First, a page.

Even at more than 100 pounds lighter, Carolyn Walsh of Avonport is certain she’s gained more than she’s lost if she considers the broader picture.
Even at more than 100 pounds lighter, Carolyn Walsh of Avonport is certain she’s gained more than she’s lost if she considers the broader picture. - Ashley Thompson

'It was a question of do or die – one of the two'

AVONPORT, N.S. – Carolyn Walsh looks at an old four-by-six photograph depicting her at her heaviest.

The image shows a woman propped in a chair, her hands folded on her lap and her body almost completely covered by a long, white dress flowing down to her ankles.

The warm smile looks familiar, but Walsh often hears that the person in the photo is hardly recognizable today. She posed for the picture at a time when she weighed in at about 300 pounds.

“I could barely move,” she said during a recent interview at her Avonport home.

“For years I couldn’t do a thing because I was so heavy and then it just kept getting worse and worse.”

She traces the origins of her decades-long battle with obesity back to the births of her two sons more than 50 years ago. She gained triple the pregnancy weight than what was originally predicted and struggled to lose it for years after her kids were born.

She’d start a diet, stick with it for six months or so, fall off the wagon and end up gaining more than she lost by the end of it.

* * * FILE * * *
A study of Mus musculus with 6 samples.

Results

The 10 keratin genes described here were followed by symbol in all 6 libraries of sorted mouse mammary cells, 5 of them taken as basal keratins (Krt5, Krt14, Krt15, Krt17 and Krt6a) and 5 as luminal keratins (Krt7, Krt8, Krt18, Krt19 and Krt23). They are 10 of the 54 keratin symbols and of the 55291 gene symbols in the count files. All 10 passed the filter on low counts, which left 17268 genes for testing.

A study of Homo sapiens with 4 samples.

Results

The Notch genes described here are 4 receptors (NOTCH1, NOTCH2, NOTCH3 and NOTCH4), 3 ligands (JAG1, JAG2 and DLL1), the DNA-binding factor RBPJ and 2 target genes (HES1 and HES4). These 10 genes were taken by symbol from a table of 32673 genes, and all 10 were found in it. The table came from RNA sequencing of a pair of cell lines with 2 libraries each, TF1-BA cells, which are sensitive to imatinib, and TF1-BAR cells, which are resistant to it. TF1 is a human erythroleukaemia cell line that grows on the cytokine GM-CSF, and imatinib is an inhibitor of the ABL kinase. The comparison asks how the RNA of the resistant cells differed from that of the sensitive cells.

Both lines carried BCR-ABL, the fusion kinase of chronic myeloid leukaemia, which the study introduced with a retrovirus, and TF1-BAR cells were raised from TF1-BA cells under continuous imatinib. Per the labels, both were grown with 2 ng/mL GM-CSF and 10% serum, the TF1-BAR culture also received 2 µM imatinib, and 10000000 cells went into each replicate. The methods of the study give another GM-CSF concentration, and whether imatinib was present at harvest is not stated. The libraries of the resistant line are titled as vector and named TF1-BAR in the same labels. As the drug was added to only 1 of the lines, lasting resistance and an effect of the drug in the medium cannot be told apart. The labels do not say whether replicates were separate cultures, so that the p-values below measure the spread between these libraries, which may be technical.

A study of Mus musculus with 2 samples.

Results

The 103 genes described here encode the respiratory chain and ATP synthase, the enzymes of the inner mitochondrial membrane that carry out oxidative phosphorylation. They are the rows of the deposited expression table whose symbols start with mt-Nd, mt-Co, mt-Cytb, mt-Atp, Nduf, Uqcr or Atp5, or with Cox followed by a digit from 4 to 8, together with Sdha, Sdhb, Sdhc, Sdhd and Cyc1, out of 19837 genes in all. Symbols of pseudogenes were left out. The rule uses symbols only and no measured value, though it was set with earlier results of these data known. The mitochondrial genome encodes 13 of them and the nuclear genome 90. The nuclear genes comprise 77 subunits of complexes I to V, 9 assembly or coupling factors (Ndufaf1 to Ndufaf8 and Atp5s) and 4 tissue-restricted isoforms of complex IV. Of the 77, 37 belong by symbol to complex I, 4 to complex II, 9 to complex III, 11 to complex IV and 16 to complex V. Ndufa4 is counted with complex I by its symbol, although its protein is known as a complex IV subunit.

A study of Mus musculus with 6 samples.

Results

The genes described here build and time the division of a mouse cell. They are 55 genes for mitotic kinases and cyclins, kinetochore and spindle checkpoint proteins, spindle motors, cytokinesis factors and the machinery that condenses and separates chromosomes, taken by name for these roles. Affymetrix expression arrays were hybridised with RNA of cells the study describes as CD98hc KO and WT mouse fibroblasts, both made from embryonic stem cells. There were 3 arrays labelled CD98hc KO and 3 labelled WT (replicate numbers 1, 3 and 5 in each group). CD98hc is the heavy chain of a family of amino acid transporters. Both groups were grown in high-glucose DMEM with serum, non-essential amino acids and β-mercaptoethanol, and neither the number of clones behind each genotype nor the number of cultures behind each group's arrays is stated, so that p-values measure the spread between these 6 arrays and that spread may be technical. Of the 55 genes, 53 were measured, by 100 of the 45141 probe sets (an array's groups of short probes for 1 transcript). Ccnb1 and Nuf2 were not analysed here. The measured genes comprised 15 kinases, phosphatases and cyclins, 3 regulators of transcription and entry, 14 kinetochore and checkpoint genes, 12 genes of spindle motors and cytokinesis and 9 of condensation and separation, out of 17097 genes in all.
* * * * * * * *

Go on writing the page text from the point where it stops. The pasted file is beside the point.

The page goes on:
“That went on for years until I got so bad that I could barely move so, really, it was a question of do or die – one of the two,” she recalled.

The 73-year-old has dropped more than 100 pounds in the past three years, last weighing in at about 180 pounds some time ago.

She committed to a diet recommended by Dr. Mark Pennell in Wolfville – no sugar, no salt, no flour, no junk food, no fried food.
“I never looked back once I started it,” she said.

The transition period was fraught with ups and downs, both in on the scale and in life.

“I just persevere and keep going,” she said with a smile.

“It was depressing. I had fluid and I’d be doing it like I was supposed to, go to the doctor, get weighed and it would show I gained. I’d get upset about it… but after a while it leveled off and it was better.”

She started walking three to four times a day and doing some exercise to improve her mobility at home. She bought recipe books that cater to her prescribed diet and learned about proper portion control practices.

“You have to change your whole way of eating,” she said.

Walsh freely admits there have been roadblocks throughout her weight-loss journey. She’s had a knee operated on, undergone two cataract surgeries and she’s ensured complications due to osteoarthritis.
None of it’s ideal but it’s not a deal-breaker, either. Faith, family and fortitude help her stay on track.

“When I’m going, I’m going!,” she exclaimed with a laugh.

“I’m walking right along.”

She’s gone from a size 46 to a petite large, and she couldn’t be more pleased with her results.

“I’m just so happy to be alive,” she said.

Walsh hopes her story might serve as a source of inspiration for others striving to make similar life-altering lifestyle changes.  

“If it could help anybody, I’d be happy,” she said.

“Don’t give up. Keep going because there’s better days ahead and you’ll feel so much better and have so much more energy to do things. It’s not always easy, but nothing in life is.”